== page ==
If you’re like most, you probably think that we here at The Law Offices of Alice A. Salvo stress the importance of estate planning so that you can control what happens with your assets when you die. Yet could it also be that we want you to avoid having to surrender your assets, property, and even your decision making to a potential stranger, all while you are still alive? That’s exactly what could happen if you’re placed under the care of a public guardian.
Public guardianship is similar to a conservatorship. However, in this case, the person who’s given the power over you isn’t a friend or family member, but rather a member of a public guardian group. In many cases, a single public guardian may be handling yours as well as the affairs of several other wards simultaneously.
If you are deemed by the court to be incapacitated or unable to care for yourself, and you haven’t handed decision-making authority over to a friend or family member, a public guardian can be given total control over your money, your medical care, or even your decision about where to live. Plus, little oversight is in place to monitor what a guardian may be doing with your estate. In fact, the Government Accountability Office reported that between 1990 and 2010, over $5.4 million was stolen from people by their guardians.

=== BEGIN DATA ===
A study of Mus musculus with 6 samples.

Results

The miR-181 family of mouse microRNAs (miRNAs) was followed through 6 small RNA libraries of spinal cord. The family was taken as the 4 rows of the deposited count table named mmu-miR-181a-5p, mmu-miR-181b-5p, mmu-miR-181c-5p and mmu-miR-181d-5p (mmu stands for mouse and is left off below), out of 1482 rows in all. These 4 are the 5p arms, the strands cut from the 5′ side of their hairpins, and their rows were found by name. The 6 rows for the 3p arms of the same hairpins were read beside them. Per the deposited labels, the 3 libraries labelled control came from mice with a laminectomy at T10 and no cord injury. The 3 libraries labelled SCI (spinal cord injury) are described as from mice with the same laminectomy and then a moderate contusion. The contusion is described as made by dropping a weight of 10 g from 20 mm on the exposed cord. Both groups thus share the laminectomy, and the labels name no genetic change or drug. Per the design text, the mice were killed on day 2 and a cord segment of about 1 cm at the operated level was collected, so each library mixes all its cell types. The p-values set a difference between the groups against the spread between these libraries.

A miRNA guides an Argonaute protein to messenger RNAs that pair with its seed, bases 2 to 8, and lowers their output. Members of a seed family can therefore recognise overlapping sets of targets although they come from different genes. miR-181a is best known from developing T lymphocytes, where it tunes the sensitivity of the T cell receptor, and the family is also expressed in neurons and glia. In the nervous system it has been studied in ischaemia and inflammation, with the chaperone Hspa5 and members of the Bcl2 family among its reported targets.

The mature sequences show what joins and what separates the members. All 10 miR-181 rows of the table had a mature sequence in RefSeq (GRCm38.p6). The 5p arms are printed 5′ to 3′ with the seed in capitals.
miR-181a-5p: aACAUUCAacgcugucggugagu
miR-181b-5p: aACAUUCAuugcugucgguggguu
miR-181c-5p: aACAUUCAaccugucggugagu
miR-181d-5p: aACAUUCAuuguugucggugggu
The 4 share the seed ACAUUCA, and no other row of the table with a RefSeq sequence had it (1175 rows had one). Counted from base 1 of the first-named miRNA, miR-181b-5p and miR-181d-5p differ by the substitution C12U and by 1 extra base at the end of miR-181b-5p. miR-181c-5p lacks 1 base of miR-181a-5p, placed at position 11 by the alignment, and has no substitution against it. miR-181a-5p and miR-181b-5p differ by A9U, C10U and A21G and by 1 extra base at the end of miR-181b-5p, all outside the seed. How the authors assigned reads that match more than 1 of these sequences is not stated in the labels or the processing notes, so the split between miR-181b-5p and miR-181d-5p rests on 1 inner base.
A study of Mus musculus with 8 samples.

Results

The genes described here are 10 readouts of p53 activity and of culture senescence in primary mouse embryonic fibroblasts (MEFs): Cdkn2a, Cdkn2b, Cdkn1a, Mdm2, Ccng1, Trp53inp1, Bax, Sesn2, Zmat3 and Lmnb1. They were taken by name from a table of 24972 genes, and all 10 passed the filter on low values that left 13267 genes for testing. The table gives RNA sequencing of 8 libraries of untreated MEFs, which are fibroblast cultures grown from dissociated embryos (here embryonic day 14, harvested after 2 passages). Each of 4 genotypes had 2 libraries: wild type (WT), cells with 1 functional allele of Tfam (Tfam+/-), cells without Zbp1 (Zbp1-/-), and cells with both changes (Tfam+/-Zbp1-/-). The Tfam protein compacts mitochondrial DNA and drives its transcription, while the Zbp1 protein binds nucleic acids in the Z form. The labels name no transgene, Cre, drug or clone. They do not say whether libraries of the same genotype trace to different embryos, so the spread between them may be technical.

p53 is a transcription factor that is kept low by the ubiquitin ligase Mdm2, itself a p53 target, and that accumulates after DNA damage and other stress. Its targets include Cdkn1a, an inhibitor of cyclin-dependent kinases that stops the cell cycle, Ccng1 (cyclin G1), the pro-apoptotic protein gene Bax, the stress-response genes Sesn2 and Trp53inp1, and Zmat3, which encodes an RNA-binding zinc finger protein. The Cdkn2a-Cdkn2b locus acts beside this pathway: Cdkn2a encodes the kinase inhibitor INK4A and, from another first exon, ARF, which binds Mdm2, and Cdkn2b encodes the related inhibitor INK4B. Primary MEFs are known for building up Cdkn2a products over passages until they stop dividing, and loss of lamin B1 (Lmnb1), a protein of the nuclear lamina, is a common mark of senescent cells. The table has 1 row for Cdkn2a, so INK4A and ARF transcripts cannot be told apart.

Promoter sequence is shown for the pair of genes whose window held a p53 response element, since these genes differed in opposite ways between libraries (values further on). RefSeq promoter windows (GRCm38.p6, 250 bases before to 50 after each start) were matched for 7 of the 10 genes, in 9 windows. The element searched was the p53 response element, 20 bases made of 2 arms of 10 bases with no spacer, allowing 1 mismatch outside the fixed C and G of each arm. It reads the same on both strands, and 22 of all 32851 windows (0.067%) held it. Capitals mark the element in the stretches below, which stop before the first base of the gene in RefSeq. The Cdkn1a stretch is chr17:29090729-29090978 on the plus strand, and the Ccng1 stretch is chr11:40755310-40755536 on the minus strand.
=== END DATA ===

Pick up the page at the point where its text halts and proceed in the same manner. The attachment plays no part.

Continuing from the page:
Preparing for your potential incapacitation is an important part of estate planning. Any of the following documents can eliminate the possibility of the court appointing a guardian for you:
- Medical and/or financial power of attorney
- Advance directives for health care
- A revocable living trust
More information on controlling your assets through estate planning can be found on our site.